South Africa has recorded a drop in poverty levels, with the number of people living below the poverty line having dropped since 2006, Statistics South Africa (Stats SA) said today.
“[Poverty] is indeed being tackled,” said Statistician General Pali Lehohla at the release of the Poverty Trends Report (2006-2011).
In the document, Stats SA notes that the country’s poverty levels have dropped since 2006, reaching 45.5% in 2011 when applying the upper-bound poverty line. The country has a set of three national poverty lines, namely the food poverty line (FPL); the lower-bound poverty line (LBPL) and the upper-bound poverty line (UBPL), which are used to measure poverty.
The FPL is the level of consumption below which people are unable to buy enough food to provide them with an adequate diet. The LBPL includes non-food items, but requires that individuals sacrifice food in order to obtain these, while individuals at the UBPL can purchase both adequate food and non-food items.
“This translates into roughly 23 million people living below the upper-bound poverty line. When one looks at extreme poverty, defined as those living below the food poverty line, we can see the dramatic impact the global financial crisis of 2008/09 has had on the livelihoods of South Africa's poorest.
“The number of people living below the food line increased to 15.8 million in 2009, from 12.6 million in 2006, before dropping to 10.2 million people in 2011,” the report reads.
The FPL was at R321 (per capita per month in 2011 prices), LBPL at R443 and UBPL at R620.
The report analysed trends in poverty and inequality between 2006 and 2011 based on data collected through the Income and Expenditure Survey and the Living Conditions Survey.
Briefing reporters in Pretoria, Lehohla said that social grants, income growth and the expansion of credit had contributed to a drop in poverty levels.
“It has been driven largely by social grants, which covered from 2.6 million people to 16 million people as we speak. Salaries have also increased, therefore having an impact on poverty. We also see unsecured loans creeping into society,” he told SAnews.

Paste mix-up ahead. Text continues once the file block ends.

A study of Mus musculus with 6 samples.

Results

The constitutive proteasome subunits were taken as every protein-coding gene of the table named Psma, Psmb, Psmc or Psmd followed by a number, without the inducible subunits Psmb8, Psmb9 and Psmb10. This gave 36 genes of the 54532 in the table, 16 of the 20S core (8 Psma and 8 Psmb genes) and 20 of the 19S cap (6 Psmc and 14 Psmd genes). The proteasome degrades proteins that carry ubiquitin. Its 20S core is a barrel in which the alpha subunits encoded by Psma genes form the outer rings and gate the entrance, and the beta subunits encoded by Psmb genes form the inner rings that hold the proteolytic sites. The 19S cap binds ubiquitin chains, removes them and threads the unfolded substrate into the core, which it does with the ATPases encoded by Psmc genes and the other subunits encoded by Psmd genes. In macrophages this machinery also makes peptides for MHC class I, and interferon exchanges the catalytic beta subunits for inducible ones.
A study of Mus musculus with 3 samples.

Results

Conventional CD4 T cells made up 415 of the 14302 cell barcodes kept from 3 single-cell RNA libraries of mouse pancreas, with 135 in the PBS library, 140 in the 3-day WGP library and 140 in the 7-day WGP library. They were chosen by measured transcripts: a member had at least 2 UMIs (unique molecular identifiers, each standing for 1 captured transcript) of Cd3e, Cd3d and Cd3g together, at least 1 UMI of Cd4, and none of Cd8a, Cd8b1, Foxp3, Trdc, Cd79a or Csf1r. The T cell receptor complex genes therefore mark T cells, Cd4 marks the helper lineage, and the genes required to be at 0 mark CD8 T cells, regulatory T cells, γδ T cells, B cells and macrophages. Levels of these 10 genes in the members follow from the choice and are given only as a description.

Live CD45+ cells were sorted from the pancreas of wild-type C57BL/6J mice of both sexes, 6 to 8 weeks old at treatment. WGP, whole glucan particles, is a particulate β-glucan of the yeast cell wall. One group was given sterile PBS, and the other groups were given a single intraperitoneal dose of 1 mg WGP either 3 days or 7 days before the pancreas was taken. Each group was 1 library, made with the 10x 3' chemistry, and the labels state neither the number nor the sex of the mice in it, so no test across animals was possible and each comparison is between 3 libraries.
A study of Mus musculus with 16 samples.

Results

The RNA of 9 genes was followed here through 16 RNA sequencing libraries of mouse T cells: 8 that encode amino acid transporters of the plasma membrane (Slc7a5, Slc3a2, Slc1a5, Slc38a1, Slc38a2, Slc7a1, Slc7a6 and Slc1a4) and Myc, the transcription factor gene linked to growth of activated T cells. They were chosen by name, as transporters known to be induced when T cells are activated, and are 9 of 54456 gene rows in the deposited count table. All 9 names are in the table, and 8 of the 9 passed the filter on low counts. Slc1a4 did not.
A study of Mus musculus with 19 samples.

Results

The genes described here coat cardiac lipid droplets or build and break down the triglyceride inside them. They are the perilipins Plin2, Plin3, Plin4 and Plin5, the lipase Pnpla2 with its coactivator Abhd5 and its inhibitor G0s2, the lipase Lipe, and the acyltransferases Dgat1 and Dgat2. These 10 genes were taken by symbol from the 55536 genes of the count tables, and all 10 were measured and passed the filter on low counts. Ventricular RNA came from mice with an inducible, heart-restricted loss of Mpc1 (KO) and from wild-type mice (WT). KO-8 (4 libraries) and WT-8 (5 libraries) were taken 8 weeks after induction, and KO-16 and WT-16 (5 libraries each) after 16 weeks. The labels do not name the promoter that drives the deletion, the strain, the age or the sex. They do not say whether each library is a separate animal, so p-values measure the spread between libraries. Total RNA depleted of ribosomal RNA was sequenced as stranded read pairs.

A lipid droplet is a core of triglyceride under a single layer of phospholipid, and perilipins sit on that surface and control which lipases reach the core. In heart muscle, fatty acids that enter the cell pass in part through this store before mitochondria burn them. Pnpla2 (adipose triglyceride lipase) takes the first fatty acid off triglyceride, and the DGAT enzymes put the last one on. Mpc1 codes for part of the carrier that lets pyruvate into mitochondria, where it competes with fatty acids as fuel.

Impact of social grants
Lehohla said social grants have played a critical role in society. “They have played a critical and important role in society. Social grants have moved people from abject poverty to a different and better condition. In fact, they have extended possibilities for children to go to school and increased the ability of people to look for jobs,” he said.
However, given the constraints to the fiscus, social grants were unsustainable, he said.
The report found that poor households spent 33% of their money on food, while women were also found to be more affected by poverty compared to their male counterparts. The poorest province was found to be the Eastern Cape, while KwaZulu-Natal had the poorest municipalities.
On progress towards the National Development Plan (NDP) target of eliminating poverty by 2030, the report noted that the National Planning Commission (NPC) adopted the use of the lower-bound poverty line (R443 in 2011 prices) with regard to its poverty targets outlined in the NDP.
“They have set the ambitious target of eliminating all poverty below this line by 2030. As of 2011, 32.3% of the population, or roughly 16.3 million, people were living below this poverty line. According to the poverty gap, roughly R31.7 billion per annum would be needed to eliminate poverty at this level,” noted the report.